The minimum wage is going up a whopping 50 cents, to $3.55 per hour, starting in July 2007.
Meanwhile, the U.S. minimum wage rises to $7.25, in a leap of $2.10. Notably, 30 states already have local minimum wages at that rate or higher.
And still our businessmen, like Juan Pan, complain and cry that this raise will hurt "us." Still, on our local news, we hear conjectures and hopes that there are loopholes, that this wage hike will be limited to one year, that the full effect of 50 cents per year until we reach the U.S. level just won't happen to us, won't be forced on us.
What "us" do these concerns purport to address? Not me. Not the fair businessmen and women here who already pay more than minimum wage. And certainly not the vast majority of people in the CNMI who are adversely effected by the wages kept low by a stagnant minimum wage and a ceaseless influx of desperate foreign workers, while prices continue to rise.
And yet it is these loud protests against raising the minimum wage here that make the news, are heard and repeated, are echoed by our Governor, are shown to represent us.
I am deeply ashamed of the CNMI.
The churches are full on Sundays, and the same people who sit in the pews and "pray" are willing to treat their brothers and sisters in God with contempt and disdain. Is it simply too much for us to share our earthly wealth? And why aren't our priests and ministers speaking out more forcefully about the needs of the poor? Don't all major religions include the precept of the need for charity? Isn't Christianity a promise to the poor, where a rich man will have as much chance of entering heaven as a camel of getting through the eye of a needle? Obviously, there are limits to the faith we share, weaknesses in our practice of it.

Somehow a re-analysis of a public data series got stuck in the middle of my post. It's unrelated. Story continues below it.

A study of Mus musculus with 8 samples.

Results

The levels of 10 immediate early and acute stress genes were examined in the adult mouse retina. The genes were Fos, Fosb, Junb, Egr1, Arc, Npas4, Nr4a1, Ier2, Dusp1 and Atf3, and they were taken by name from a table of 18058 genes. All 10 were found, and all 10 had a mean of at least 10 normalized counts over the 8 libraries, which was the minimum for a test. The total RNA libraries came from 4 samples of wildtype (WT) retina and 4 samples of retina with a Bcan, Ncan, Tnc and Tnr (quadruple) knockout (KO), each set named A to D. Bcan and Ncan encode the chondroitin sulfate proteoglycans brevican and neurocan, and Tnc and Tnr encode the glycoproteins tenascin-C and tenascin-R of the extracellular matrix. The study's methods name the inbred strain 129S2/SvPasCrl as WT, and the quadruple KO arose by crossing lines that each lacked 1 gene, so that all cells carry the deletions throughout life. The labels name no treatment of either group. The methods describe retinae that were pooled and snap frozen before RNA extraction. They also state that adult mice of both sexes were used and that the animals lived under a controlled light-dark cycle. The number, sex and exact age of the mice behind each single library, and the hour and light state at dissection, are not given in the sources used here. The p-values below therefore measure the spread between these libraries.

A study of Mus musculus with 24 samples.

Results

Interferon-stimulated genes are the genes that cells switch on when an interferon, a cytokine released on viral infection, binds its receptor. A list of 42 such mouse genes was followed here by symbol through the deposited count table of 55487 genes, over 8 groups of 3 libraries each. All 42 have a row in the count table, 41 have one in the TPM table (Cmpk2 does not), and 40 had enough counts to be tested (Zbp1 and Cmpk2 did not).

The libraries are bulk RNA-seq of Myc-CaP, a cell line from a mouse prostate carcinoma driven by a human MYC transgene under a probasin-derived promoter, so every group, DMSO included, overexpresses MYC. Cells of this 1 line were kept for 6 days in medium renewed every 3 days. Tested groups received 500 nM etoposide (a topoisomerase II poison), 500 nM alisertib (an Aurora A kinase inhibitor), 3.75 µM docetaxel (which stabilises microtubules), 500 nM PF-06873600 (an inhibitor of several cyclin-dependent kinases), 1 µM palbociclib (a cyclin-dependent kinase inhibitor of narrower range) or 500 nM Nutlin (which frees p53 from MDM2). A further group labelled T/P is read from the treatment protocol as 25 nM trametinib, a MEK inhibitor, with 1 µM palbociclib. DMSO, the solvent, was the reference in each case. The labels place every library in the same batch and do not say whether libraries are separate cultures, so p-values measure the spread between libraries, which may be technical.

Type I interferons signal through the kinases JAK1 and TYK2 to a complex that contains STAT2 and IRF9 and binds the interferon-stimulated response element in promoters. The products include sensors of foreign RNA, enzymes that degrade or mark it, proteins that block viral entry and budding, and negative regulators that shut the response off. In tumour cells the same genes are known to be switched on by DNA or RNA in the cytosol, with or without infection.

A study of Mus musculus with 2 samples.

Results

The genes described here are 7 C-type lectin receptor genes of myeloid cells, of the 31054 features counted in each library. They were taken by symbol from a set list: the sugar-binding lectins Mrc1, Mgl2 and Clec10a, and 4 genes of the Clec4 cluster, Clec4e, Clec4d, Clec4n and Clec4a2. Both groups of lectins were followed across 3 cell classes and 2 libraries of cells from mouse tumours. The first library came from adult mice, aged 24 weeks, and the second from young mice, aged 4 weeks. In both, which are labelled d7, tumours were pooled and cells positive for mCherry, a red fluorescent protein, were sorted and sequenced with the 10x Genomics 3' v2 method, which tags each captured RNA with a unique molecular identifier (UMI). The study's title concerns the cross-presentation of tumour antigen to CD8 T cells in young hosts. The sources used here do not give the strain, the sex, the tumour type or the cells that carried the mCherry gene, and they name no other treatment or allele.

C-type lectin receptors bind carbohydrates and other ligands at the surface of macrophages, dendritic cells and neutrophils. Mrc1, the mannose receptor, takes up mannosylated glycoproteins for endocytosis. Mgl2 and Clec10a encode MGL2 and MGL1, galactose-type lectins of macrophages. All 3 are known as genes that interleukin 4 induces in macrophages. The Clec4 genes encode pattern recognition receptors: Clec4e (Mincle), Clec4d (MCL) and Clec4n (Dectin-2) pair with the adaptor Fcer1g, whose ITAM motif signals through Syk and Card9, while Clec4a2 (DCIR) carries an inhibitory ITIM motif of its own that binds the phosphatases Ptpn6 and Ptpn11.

Instead of taking a chance on offering a living wage, the CNMI, through its loudest voices, insists that even a small pittance added to the miserable wages paid now will hurt us. What about all the employees, the "us" who are hurt by the constantly decreased value of static earnings?
The minimum wage hike that is now law, as it will be applied to the CNMI, is inadequate and is designed (intentionally?) to sabotage future wage increases. It's enough to force some marginal businesses to close, but it's not enough to do much good for people here to increase their spending or boost the economy in that regard.
I'm glad that the U.S. stepped into the long-time breach in fair wages here. I'm glad that there is some wage increase. But I wish that all of us in the CNMI would raise our voices to drown out the greedy, the heartless, and the users who protest this wage raise.
WE WANT A LIVING WAGE FOR EVERYONE. We support this and more raises to the minimum wage. All together now...WE WANT A LIVING WAGE FOR EVERYONE.